History

Haunted Michigan: The Hunter and the Skeptic

The hunter (author Sandy Arno Lyons) and the skeptic (Robert Elmouchi) will discuss hauntings in the Great Lakes as well as Lyons' book entitled Michigan's Most Haunted: A Ghostly Guide to the Great Lakes. Lyons wrote her book after traveling our great state and visiting known haunts. Did she have any real encounters? Come hear the spine-tingling tales on November 1 at 7:00 PM in the Community Room.

Knitting Vintage

Knitting vintage : 30 knitting projects inspired by period fashions by Claire Montgomerie — Many of us admire vintage styles, but it can be challenging to find actual vintage knits in good condition in the right size for a reasonable price. This book offers patterns for sweaters, hats, and other accessories in vintage styles inspired by the twenties through the eighties. It may be difficult to think of the 80s as vintage, but the Striped Mohair Sweater is not to be missed.

Time was, Time is… October 2011

National Book Festival

If you weren't able to attend the National Book Festival in Washington D.C. on September 24-25, videos of the event including authors' talks are now available. Historian and author David McCullough appeared at the 2011 National Book Festival, as did Sylvia Nasar, Cassandra Clare, Wally Amos, Sara Paretsky, and more.

Michigan's Haunted History

John E.L. Tenney of A&E's Paranormal State presents the top ten most haunted placed in Michigan. Do you live near a known source of "Supernatural Phenomena"? Why do ghost hunters from all over the world come to Michigan? How/why do people become ghost hunters? This program will include a visual presentation that is only appropriate for ages 12 through adult. Join us for this shocking evening on October 26 at 7:00 PM in the Community Room.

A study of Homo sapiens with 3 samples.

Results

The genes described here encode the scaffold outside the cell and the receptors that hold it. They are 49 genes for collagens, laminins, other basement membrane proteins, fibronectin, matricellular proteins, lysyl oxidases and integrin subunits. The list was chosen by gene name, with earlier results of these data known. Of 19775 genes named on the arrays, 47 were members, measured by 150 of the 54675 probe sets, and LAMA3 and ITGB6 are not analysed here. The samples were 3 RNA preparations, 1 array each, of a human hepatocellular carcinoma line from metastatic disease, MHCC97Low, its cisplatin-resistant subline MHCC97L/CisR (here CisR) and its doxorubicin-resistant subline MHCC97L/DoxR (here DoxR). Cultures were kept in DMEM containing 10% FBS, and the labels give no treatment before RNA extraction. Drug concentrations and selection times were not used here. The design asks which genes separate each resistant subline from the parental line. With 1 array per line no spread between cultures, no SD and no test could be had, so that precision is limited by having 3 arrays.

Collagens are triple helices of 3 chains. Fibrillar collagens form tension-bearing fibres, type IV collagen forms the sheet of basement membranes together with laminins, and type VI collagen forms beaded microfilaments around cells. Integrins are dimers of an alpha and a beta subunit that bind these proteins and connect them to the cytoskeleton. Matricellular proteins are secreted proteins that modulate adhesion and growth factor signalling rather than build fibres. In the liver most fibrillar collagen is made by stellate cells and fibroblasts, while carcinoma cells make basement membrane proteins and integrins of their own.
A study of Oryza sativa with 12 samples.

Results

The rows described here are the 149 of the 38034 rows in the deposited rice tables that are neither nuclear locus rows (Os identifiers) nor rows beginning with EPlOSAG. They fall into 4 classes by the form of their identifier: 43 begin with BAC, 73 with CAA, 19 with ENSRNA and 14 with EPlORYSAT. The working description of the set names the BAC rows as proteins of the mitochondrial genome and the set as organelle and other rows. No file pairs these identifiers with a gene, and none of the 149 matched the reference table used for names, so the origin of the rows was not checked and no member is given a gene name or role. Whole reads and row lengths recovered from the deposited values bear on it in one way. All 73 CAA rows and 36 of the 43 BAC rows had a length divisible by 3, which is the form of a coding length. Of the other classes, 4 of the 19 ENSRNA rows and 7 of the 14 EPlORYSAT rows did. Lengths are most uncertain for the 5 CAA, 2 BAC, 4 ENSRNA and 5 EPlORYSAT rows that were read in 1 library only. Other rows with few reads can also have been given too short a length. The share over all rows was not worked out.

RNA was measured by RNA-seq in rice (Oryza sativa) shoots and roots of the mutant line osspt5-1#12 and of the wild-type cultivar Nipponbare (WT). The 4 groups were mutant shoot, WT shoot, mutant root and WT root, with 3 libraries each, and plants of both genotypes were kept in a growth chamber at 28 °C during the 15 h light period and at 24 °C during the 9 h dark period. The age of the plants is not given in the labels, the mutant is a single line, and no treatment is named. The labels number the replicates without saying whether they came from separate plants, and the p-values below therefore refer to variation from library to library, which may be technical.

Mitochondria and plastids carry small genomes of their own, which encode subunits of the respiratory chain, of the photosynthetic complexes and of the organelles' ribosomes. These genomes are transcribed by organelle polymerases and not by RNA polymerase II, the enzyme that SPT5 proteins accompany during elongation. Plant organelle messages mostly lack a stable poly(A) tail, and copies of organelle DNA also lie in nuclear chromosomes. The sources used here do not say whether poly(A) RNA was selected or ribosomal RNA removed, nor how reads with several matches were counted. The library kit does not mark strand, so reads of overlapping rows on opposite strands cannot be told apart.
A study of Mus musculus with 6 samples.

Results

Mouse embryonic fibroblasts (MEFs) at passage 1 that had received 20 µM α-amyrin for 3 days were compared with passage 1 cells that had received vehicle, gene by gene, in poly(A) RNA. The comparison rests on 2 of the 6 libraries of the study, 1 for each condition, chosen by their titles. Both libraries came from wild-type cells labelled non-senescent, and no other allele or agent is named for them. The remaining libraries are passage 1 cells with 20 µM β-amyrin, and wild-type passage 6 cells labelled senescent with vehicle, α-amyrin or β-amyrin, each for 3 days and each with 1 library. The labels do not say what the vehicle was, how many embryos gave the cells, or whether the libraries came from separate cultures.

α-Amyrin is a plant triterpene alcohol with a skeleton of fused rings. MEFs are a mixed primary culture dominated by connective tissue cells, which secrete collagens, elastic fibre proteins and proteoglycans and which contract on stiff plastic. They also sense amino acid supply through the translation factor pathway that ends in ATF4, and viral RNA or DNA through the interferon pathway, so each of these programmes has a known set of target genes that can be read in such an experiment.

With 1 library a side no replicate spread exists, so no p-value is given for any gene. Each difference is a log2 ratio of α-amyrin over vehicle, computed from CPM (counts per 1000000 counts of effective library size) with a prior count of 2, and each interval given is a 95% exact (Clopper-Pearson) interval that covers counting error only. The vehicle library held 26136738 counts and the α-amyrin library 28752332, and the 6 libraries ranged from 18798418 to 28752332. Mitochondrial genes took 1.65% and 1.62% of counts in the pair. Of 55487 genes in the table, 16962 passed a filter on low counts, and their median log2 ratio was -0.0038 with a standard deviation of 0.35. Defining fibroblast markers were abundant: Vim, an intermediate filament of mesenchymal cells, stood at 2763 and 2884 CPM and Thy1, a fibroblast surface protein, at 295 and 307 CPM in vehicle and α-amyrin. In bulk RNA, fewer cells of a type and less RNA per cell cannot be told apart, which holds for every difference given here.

Columbus Day

Christopher Columbus first made landfall in the Americas on October 12, 1492 somewhere in the Bahamas, on an island which the natives called Guanahani and which Columbus renamed San Salvador. This date is a observed as public holiday in the United States as well as in many countries in South America. It is known as Discovery Day in the Bahamas, Day of the Americas in Uruguay and Day of the Cultures in Costa Rica. Many historians, however, are still asking the question "Who really discovered America?" Everyone knows that Native Americans were here long before Columbus arrived. In addition, Norse expeditions to North America have been historically established. Claims of discovery have also been made for St.

Magazine Express

As the Canton Public Library continues to deal with a declining budget, patrons are reminded the "magazine express" program has been discontinued. The following titles remain as single shelf copies with back issues available for checkout — these titles include:

Pictures of Resistance… in the Hatcher Library Gallery

September 6–November 27
Pictures of Resistance: The Wartime Photographs of Jewish Partisan Faye Schulman Exhibit

The lives of partisans depended on their ability to remain unseen, undocumented and unidentifiable. But one fighter, Faye Schulman, had a camera. Schulman’s rare collection of images captures the camaraderie, horror and loss, bravery and triumph of the rag-tag, tough partisans—some Jewish, some not—who fought the Germans and their collaborators.

This exhibit is sponsored by the University Library and the Frankel Center for Judaic Studies at the University of Michigan. Additional events will be held at the Harlan Hatcher Graduate Library, Gallery in Room 100 (use Diag entrance) at 913 S. University Ave., Ann Arbor, MI.

Public parking is available in the structure at 650 S. Forest, just south of S. University. Free and open to the public

The Man Who Never Died

September 22, 5:30-7:00 PM, A talk with author William M. Adler, Harlan Hatcher Graduate Library Gallery

The man who never died : the life, times, and legacy of Joe Hill, American labor icon by William M. Adler — Joe Hill was convicted of murder in Utah in 1914 and sentenced to death by firing squad. In the international controversy that ensued, many believed Hill was innocent but condemned for being a union man. Author William M. Adler spent four years investigating the case, and in a biography that reads like a murder mystery, argues convincingly for Hill’s innocence.

Mr. Adler will speak at Harlan Hatcher Graduate Library, Gallery (use Diag entrance), 913 S. University Ave., Ann Arbor, MI. Public parking is available in the structure at 650 S. Forest, just south of S. University. Free and open to the public. Books will be available for purchase and signing following the talk.